Social Stress

September 28, 2011

Social stress plays a major role in a person’s well-being. While many researchers do not differentiate between the terms social stress and stress, social stress is differentiated from physical stress in that physical stress is due to stressors that are directly taxing the physical condition of the body such as excessive physical labor or physical restraint. Social stress has been found to be deleterious to health across a variety of outcomes (see entry on Stress). In a study of mice, socially stressed mice were more likely to die after exposure to infection relative to physically stressed mice. In this study, socially stressed mice were defined as those that were put in a cage for a portion of the day with an aggressive mouse whereas physical stress was defined as being physically restrained in a cylindrical tube for 16 hours a day with no food or water.

Human studies are complicated by the fact that responses to stressors are dependent on the individual experiencing the stressor. The coping mechanisms that follow a stressful event have been described in the Transactional Model of Stress and Coping. In this model, the impact of a stressor is mediated by the person’s appraisal of the stressor. Two appraisals are made including a primary assessment and a secondary assessment. The primary assessment allows an individual to decide whether the stressor is good or bad and important or irrelevant. The secondary appraisal ascertains whether the individual believes that they can alter or manage the situation and/or deal with the emotions that come along with the stressor.

These assessments are mediated by different coping mechanisms. Generally, two different coping mechanisms are described. The first is problem management coping (problem-focused), in which efforts are focused on changing the stressor or the stressful situation. This may include problem solving or information seeking. The second coping strategy is emotional regulation coping (emotion-focused), in which efforts are focused on changing one’s feelings about the stressor or stressful situation. This may include denial, venting of feelings, avoidance, and seeking social support.

Other lines of research have investigated the degree to which a person engages (i.e., active coping, information seeking, social support) or disengages (i.e., cognitive or behavioral avoidance, denial) from the stressor. When the stressor is very threatening or not perceived to be under one’s control, disengaging coping strategies are often used. On the contrary, when the stressor is perceived to be controllable, engaging coping strategies may be more likely. In general, research shows there are psychological benefits to using active coping styles over disengaging coping styles, at least in the long term. Furthermore, avoidant coping styles have been associated with negative health behaviors. These coping mechanisms may be moderated by psychological traits including optimism, locus of control, information-seeking styles along with social support and stress management interventions. While coping efforts may vary over different stressors, coping styles or psychological traits are inherent characteristics of the individual and remain constant over situations.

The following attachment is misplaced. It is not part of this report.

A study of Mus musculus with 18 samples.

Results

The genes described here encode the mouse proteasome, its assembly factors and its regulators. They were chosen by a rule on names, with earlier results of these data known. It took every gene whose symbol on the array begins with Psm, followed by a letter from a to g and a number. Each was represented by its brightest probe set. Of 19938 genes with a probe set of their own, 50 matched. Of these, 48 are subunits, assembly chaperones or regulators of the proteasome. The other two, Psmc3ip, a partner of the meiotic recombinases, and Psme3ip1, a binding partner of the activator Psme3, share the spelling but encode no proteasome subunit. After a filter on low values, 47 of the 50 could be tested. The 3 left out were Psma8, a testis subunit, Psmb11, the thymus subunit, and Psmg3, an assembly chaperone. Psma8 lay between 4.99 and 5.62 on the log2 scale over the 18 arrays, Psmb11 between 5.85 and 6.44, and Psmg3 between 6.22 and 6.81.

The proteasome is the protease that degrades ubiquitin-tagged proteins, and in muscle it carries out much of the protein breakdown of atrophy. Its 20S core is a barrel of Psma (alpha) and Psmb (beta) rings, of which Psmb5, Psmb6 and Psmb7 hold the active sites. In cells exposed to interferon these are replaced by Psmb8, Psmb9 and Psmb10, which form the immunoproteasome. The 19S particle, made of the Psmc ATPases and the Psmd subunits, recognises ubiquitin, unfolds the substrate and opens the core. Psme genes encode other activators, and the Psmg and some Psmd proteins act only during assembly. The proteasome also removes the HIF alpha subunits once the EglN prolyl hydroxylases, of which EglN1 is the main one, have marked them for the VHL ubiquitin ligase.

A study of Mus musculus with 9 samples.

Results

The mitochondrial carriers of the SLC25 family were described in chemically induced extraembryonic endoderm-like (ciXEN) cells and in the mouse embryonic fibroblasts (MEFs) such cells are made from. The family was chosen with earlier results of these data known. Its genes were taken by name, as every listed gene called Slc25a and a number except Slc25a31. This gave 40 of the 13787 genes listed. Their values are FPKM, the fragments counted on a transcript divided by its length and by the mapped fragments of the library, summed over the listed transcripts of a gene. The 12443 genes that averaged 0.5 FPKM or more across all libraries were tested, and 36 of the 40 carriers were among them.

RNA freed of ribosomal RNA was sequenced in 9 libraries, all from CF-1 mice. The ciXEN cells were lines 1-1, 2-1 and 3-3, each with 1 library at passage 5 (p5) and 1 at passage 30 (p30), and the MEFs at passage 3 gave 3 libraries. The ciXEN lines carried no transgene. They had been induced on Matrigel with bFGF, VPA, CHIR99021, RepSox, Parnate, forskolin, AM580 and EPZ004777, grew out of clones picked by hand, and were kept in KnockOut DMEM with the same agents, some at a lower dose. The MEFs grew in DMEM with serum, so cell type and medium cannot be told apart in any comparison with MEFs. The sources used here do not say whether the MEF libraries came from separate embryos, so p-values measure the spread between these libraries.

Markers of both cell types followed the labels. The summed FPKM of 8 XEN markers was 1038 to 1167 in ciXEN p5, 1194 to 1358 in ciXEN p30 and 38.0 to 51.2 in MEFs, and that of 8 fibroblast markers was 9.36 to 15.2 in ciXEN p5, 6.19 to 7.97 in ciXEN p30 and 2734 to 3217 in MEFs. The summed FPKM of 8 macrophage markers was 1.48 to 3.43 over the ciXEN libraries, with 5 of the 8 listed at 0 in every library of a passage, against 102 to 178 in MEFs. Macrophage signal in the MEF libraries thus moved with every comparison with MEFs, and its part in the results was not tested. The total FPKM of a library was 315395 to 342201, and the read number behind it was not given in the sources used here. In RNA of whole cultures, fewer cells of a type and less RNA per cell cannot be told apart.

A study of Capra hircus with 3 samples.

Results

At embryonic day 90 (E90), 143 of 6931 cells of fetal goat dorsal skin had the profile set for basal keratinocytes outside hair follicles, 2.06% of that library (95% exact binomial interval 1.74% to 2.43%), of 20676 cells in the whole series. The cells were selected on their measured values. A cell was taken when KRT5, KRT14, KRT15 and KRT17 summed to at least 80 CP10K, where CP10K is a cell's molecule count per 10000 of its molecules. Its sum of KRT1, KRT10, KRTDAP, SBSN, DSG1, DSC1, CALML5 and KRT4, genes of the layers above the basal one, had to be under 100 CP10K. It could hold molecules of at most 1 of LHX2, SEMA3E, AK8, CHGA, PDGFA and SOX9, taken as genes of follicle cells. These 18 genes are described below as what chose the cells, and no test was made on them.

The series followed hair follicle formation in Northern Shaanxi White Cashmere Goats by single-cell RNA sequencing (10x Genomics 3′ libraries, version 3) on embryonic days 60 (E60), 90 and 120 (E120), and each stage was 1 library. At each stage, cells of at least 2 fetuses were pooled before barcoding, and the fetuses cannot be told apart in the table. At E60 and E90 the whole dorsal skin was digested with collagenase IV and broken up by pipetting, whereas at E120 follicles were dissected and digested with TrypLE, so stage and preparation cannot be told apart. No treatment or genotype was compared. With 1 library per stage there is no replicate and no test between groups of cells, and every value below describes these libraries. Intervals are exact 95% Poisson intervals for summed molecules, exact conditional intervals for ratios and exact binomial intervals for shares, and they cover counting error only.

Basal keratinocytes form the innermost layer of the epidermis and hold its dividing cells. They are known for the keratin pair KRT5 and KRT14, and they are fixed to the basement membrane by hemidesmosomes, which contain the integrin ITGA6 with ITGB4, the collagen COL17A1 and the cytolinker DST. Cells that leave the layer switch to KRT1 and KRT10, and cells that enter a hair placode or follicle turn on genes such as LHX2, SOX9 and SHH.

Women often face different stressful situations than men. Women are more likely to perform multiple roles such as childcare provider and housekeeper as well as working for pay. In addition, women who work for pay are often in occupations where they experience or perceive to experience high psychological demands/high strain coupled with low control. This combination of high strain and low control has been associated with a higher risk of coronary heart disease and worse self-reported health.

Due to the deleterious effects of stress, various recommendations have been made for reducing general stress. These recommendations include making time in your life for leisure activities, setting reasonable goals, getting help with regular chores, not agreeing to do too many things (i.e., learn to say no), engaging in more demanding or enjoyable activities during your body’s peak hours, and identifying sources of stress. In addition, several specific physical recommendations have been suggested including breathing deeply, engaging in relaxation techniques, and exercising one’s shoulders and neck muscles.

Stress can have a major effect on one’s health. It is important to recognize stress as a normal part of life, but also realize that chronic stress can have ill-effects on the body. Understanding the stress process, coping styles, and ways to combat stress is the first step for better well-being.

See Also: Parenting, Social support

Suggested Reading

  • Bosma, H., Marmot, M. G., Hemingway, H., Nicholson, A. C., Brunner, E., & Stansfeld, S. A. (1997). Low job control and risk of coronary heart disease in Whitehall II (prospective cohort) study. British Medical Journal, 314(7080), 558-565.
  • Cassel, J. (1976). The contribution of the social environment to host resistance. American Journal of Epidemiology, 104, 107-123.
  • Ibrahim, S. A., Scott, F. E., Cole, D. C., Shannon, H. S., & Eyles, J. (2001). Job strain and self-reported health among working women and men: An analysis of the 1994/5 Canadian National Population Health Survey. Women and Health, 33(1-2), 105-124.
  • Lazarus, R. S. (1993). Coping theory and research: Past, present, and future. Psychosomatic Medicine, 55(3), 234-247.
  • Lerman, C., & Glanz, K. (1997). Stress, coping, and health behavior. In K. Glanz, F. M. Lewis, & B. Rimer (Eds.), Health behavior and health education: Theory, research and practice (2nd ed.). San Francisco: Jossey-Bass.
  • Quan, N., Avitsur, R., Stark, J. L., He, L., Shah, M., Caligiuri, M., et al. (2001, April 2). Social stress increases the susceptibility to endo-toxic shock. Journal of Neuroimmunology, 115, 36-45.